Railway worker who helped victims of a deadly train crash called a hero

Mohamed Abdel Rahman tried to save lives after a deadly train accident in Cairo.

Cairo (CNN)Mohamed Abdel Rahman had no idea that a video of him had gone viral.

With no Internet access on his mobile phone, the 32-year-old railway worker didn't know that people across Egypt were hailing him as a hero. Then his friends showed him CCTV footage that captures him frantically chasing people engulfed in flames and trying to put out fires.
His heroic actions happened after an accident at Cairo's busiest train station that claimed 25 lives and injured dozens of people. The station was set ablaze after a train collided with a platform and its fuel tank exploded, state-run media outlet Al-Ahram reported.
If it were not for Abdel Rahman and others who tried to help, Egyptians on social media said, the death toll could have been higher.
    "This is the real hero who saved the people who were burning. The hero Mohamed Abdel Rahman," tweeted Mohamed Magdy Naeem along with a photo of Abdel Rahman.
    Abdel Rahman initially did not talk about Wednesday's accident, worried that speaking to the media might jeopardize his job at Ramses station in central Cairo. But his bosses gave him the green light to talk. After that, his phone has rarely stopped ringing.
    "Everything happened in three to five minutes. I didn't think at that moment. I just reacted like what anyone would do in this situation," Abdel Rahman told CNN as he sat in his kiosk, near the platform where the train sparked the fires.
    "We were the closest people to the accident," said Abdel Rahman. "The nearest thing to my hand was the water. I took it and ran to help the people who were screaming."
    A policeman stands next to wreckage on the tracks after the accident at the Cairo train station.
    Rahman spent Wednesday night at the kiosk, his work uniform still bearing bloodstains and partly blackened by fire. Thursday was the second half of his two-day shift and he was looking forward to going back to his family around 100 kilometers outside of Cairo.
    "There were some women screaming, I went to put out the fire by water. One of my colleagues gave me a blanket, I covered the women with it," recalled Abdel Rahman. "Someone ran inside the tunnel while he was caught on fire. He held my back screaming, 'please help me.' I told him 'stop touching me so I can help you.'"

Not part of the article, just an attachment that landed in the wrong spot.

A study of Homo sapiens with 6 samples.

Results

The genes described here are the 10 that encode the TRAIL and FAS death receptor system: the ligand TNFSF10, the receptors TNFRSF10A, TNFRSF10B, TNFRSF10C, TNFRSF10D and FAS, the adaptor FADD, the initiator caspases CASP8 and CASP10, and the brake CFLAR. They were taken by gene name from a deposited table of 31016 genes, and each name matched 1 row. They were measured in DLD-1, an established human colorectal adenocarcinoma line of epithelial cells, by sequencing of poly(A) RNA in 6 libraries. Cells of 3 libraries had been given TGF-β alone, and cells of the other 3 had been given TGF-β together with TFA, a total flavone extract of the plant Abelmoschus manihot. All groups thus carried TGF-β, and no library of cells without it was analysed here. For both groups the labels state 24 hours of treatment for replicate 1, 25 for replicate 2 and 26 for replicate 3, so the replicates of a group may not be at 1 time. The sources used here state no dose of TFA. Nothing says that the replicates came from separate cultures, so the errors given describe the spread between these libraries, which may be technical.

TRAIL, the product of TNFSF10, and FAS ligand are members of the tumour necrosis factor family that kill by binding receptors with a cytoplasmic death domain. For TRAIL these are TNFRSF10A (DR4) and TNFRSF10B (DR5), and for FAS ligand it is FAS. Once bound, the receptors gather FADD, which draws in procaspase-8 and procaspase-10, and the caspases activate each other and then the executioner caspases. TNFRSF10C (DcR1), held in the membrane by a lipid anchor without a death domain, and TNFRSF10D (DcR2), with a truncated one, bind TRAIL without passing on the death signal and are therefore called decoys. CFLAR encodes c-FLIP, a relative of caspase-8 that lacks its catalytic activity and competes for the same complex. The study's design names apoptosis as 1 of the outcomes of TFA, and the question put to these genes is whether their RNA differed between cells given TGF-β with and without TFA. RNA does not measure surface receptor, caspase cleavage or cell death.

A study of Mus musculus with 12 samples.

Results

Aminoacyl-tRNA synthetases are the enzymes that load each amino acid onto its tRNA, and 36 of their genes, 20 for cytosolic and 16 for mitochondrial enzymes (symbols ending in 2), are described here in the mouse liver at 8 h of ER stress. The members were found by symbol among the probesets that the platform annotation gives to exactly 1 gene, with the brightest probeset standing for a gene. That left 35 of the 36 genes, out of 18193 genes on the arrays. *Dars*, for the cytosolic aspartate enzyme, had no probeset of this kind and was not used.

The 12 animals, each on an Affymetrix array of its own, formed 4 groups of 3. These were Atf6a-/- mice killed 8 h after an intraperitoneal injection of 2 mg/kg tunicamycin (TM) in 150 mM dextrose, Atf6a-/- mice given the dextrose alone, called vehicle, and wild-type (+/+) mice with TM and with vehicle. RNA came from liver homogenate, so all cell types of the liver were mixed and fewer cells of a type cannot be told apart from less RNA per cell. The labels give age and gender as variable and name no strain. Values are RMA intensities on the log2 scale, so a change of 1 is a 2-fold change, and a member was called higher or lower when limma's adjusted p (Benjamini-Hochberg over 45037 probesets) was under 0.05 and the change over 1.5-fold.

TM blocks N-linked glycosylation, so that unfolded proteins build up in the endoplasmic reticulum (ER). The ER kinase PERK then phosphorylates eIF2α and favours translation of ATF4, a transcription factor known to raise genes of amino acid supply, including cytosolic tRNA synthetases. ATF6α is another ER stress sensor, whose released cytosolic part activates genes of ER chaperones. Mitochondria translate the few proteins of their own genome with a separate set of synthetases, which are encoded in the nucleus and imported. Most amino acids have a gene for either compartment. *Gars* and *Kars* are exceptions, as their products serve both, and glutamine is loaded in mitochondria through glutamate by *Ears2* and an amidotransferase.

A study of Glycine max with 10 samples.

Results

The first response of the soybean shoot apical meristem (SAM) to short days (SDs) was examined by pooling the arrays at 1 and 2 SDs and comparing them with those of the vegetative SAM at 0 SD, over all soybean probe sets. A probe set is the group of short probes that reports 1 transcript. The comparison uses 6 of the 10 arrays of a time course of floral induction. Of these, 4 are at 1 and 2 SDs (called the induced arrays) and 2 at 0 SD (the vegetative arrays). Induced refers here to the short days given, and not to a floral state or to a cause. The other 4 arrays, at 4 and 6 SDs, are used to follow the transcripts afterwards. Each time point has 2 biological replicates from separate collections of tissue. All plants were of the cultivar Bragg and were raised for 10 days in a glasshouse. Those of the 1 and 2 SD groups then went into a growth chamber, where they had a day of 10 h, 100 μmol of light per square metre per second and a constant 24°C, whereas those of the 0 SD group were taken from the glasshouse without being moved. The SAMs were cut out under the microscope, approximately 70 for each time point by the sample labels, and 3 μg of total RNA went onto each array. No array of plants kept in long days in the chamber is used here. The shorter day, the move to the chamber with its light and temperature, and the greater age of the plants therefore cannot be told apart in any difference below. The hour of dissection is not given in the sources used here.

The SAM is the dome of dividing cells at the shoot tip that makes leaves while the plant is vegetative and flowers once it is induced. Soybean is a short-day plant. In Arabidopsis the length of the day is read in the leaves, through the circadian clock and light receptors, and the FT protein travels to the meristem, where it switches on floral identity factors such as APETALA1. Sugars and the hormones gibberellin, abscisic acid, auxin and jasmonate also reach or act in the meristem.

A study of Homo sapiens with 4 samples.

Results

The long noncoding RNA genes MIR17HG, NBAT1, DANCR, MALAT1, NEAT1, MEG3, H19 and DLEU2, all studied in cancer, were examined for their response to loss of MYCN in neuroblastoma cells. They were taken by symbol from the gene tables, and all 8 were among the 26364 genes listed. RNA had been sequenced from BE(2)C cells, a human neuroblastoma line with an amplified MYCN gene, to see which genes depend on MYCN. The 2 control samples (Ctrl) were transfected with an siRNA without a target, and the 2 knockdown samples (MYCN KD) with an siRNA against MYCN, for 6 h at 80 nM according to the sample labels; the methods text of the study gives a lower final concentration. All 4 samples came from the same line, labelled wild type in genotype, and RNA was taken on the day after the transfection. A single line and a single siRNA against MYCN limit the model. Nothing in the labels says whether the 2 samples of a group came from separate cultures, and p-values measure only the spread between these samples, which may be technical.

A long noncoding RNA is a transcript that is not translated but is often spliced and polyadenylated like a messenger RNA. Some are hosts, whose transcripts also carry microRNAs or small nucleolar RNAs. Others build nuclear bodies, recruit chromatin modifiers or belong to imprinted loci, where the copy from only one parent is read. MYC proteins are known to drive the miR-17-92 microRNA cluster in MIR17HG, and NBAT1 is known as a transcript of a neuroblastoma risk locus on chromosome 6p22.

Egypt's Health Minister, Hala Zayed, told reporters in a news conference Wednesday that many of the injured were in a critical condition, with second- and third-degree burns. Thirty ambulances responded to the scene. The minister said that people in the area volunteered to take some of the injured to the hospital in their own cars.
    Egypt's Prosecutor General, Nabil Sadek, has ordered an investigation, according to Al-Ahram.
    Abdel Rahman spent the night after the accident in his kiosk.
    Egypt has a history of train disasters. The deadliest happened in 2002, when a fire on a passenger train killed more than 320 people.
    Government records show 14,349 train accidents between 2005 and 2017. The worst year was 2017, which saw 1,793 incidents, according to the Central Agency for Public Mobilization and Statistics.

    A 'normal' act

    Abdel Rahman said he doesn't know if those he helped are still alive and can't remember how many people he tried to save. The gruesome footage of people running about engulfed in flames as he chased them with water bottles brought back vivid memories.
    "There were many people dead; we evacuated a young child from the railway rods. He was dead. We put him in a blanket and put him in the platform," said Abdel Rahman.
    He said that back in his home of Sharkia, an Egyptian village east of the Nile delta, his actions would be "normal."
      "There were other people helping, but I have had the attention because I appeared at the surveillance camera," said Abdel Rahman.
      "I'm from a village where when a fire broke, we don't wait for firefighters, everyone in the village goes to help."